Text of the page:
Get ready to have Celine Dion's signature power ballad stuck in your head: Titanic II is coming — not to theaters, but to the seas.
As you likely already know, the Titanic set sail in April 1912. It then sank after crashing into an iceberg on its fourth night at sea. More than 1,500 people died in the tragedy. Titanic II was initially announced in 2012 to mark the centennial anniversary of the catastrophic capsizing, but suffered numerous delays. Now, Blue Star Line Chairman Clive Palmer has announced that a full-sized replica of the doomed vessel will take its maiden voyage sometime in 2022.
You can take a virtual deck-by-deck tour of the Titanic II here. In the meantime, here's everything we know so far about the larger-than-life luxury liner.
It Will Travel the Same Route That the Original Titanic Should Have — and Then Some
Had that iceberg not gotten in the way, the original Titanic's route would have taken passengers from Southampton, England, to New York and back. The Titanic II will indeed go from Southampton to the Big Apple, but with a twist.
“The ship will follow the original journey, carrying passengers from Southampton to New York," Palmer said in a statement. "But she will also circumnavigate the globe, inspiring and enchanting people while attracting unrivaled attention, intrigue, and mystery in every port she visits."
Titanic II Will Look Just Like the Original Titanic, Only Bigger
Yes, you will get to see that gorgeous dome and cinematic grand staircase. Palmer says that the Titanic II will boast the identical ornate interiors and cabin layouts as the Titanic, including elevators, elegant staterooms, swanky smoking rooms and lounges, the signature white Cafe Parisien, libraries, restaurants and a theater, shopping area, pool, Turkish bath, gym, hospital and casino.
Palmer revealed to The Daily Mail that the Titanic II will be 883 feet long, which is three inches longer than the original Titanic. Titanic II will weigh about 61,500 tons to Titanic's 58,654.
You Can Pick Your Class
Just like the original Titanic, Titanic II will have different class accommodations for different price points. First class for those of you who can afford the Heart of the Ocean, as well as more affordable second and third class lodgings and dining options. And, just like the original, Palmer told The Telegraph that the classes will not be allowed to mingle with one another. However, third class passengers will have more restrooms on Titanic II.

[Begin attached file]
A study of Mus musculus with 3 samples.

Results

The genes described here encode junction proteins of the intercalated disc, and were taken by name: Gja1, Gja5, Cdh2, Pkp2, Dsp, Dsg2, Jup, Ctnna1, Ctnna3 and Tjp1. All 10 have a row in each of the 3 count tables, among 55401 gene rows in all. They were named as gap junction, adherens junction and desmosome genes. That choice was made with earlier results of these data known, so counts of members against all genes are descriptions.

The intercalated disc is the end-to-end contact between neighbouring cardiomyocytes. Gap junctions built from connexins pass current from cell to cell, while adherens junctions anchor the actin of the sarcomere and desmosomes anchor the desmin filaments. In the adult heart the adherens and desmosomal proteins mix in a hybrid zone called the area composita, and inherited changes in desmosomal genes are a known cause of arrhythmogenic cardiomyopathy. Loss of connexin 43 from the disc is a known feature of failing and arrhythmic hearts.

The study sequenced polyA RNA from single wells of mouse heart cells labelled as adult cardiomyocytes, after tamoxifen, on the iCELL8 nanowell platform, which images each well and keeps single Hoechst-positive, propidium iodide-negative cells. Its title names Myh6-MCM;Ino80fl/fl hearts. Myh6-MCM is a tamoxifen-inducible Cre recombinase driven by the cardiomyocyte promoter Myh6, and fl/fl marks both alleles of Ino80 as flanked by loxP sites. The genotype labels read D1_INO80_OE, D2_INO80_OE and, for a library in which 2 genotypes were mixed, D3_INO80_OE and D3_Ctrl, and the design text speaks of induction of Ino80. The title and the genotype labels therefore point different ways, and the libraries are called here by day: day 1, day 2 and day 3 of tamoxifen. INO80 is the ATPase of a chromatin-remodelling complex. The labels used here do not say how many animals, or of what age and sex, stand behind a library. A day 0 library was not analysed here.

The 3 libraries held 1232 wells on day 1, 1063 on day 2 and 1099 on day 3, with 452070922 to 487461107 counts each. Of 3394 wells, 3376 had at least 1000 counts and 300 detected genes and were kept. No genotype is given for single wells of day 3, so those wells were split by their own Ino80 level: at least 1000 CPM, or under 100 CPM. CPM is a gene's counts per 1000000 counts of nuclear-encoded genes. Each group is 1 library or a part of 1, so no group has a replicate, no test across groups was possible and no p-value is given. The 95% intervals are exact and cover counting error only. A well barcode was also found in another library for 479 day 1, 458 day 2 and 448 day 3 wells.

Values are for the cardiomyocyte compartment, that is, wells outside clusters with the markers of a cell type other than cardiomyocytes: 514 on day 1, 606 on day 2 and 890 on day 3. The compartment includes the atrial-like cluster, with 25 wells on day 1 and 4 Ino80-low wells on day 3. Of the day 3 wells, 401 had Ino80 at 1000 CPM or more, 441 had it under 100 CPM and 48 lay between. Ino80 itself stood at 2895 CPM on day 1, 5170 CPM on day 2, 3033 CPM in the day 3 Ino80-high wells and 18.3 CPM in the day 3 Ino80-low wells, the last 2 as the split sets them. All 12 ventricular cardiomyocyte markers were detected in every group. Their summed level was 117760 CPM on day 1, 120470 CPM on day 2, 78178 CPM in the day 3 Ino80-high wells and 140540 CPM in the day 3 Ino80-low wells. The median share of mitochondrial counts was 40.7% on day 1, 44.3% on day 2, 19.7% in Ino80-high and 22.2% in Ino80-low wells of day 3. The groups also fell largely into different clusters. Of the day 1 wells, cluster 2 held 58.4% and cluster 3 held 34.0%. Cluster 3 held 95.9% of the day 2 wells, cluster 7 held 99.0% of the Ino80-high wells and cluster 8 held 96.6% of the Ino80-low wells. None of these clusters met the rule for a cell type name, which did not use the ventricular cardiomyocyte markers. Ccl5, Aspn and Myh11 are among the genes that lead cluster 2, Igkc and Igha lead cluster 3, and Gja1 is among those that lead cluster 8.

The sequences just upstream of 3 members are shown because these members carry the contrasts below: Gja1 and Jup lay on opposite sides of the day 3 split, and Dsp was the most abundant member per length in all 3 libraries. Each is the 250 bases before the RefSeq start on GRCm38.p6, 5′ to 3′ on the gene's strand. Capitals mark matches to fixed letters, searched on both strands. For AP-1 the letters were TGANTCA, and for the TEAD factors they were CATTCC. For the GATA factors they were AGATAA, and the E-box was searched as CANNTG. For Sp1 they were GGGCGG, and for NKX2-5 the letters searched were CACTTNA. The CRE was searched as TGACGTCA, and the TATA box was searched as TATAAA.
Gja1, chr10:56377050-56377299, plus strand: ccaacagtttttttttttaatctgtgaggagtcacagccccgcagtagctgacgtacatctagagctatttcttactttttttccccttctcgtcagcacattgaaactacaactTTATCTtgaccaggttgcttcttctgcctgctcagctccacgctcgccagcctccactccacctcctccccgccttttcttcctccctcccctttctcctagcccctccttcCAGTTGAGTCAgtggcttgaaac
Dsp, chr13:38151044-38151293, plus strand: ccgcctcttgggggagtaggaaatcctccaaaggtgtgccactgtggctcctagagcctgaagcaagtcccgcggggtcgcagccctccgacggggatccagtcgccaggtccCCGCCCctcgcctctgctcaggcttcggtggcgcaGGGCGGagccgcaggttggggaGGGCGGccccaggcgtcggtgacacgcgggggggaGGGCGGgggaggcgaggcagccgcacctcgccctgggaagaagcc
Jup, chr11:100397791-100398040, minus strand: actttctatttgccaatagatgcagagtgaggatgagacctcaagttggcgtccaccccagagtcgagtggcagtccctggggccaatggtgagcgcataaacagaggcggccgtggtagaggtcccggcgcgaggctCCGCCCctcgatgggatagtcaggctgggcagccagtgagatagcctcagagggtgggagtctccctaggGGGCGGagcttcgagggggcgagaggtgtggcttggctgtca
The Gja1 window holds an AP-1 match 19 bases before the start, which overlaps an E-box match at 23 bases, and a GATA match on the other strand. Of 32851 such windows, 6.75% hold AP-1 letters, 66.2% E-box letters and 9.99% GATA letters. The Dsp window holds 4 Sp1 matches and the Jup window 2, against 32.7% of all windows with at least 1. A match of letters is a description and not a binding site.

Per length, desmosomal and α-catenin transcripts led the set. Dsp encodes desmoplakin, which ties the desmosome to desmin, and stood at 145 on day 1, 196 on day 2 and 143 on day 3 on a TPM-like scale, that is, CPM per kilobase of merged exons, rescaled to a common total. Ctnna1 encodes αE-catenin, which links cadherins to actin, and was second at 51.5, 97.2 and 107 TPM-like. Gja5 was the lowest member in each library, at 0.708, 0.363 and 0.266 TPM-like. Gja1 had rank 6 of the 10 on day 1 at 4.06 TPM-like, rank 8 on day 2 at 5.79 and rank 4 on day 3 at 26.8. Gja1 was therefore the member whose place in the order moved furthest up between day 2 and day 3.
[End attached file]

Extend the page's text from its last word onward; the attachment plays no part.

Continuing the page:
You'll Get to Live Like a Passenger on the Original
So much for Instagramming from the bow. Palmer told The Telegraph that Titanic II likely won't have television or internet, keeping in line with the original, and even the pool and gyms will be identical to the first Titanic, so don't look for a Peloton on board. It will, however, have air conditioning, as well as Victorian-era clothing available should you want to dress the part of a maiden voyager.
Fret Not: There Are Plenty of Safety Upgrades
Unlike the original Titanic, Titanic II has enough lifeboats to ensure that your lover from steerage doesn't have to cling to a plank of wood in the ocean if the once-unthinkable happens again. Titanic II has 18 fully enclosed, motor-driven lifeboats, each with a capacity of up to 250 people (which will more than accommodate the new ship's maximum of 2,435 passengers and 900 crew). Titanic II also has advanced radar and navigation systems, as well as a welded hull (as opposed to the original riveted one) and 21st century technology, making the probability of an ice-cold collision ancient history.
Still, Palmer was deliberate with his words when asked if the new model is "unsinkable," as the original had claimed.
"Anything will sink if you put a hole in it," he admitted to The Telegraph. "I think it would be very cavalier to say it. I think people in the past have done that and lived to regret it."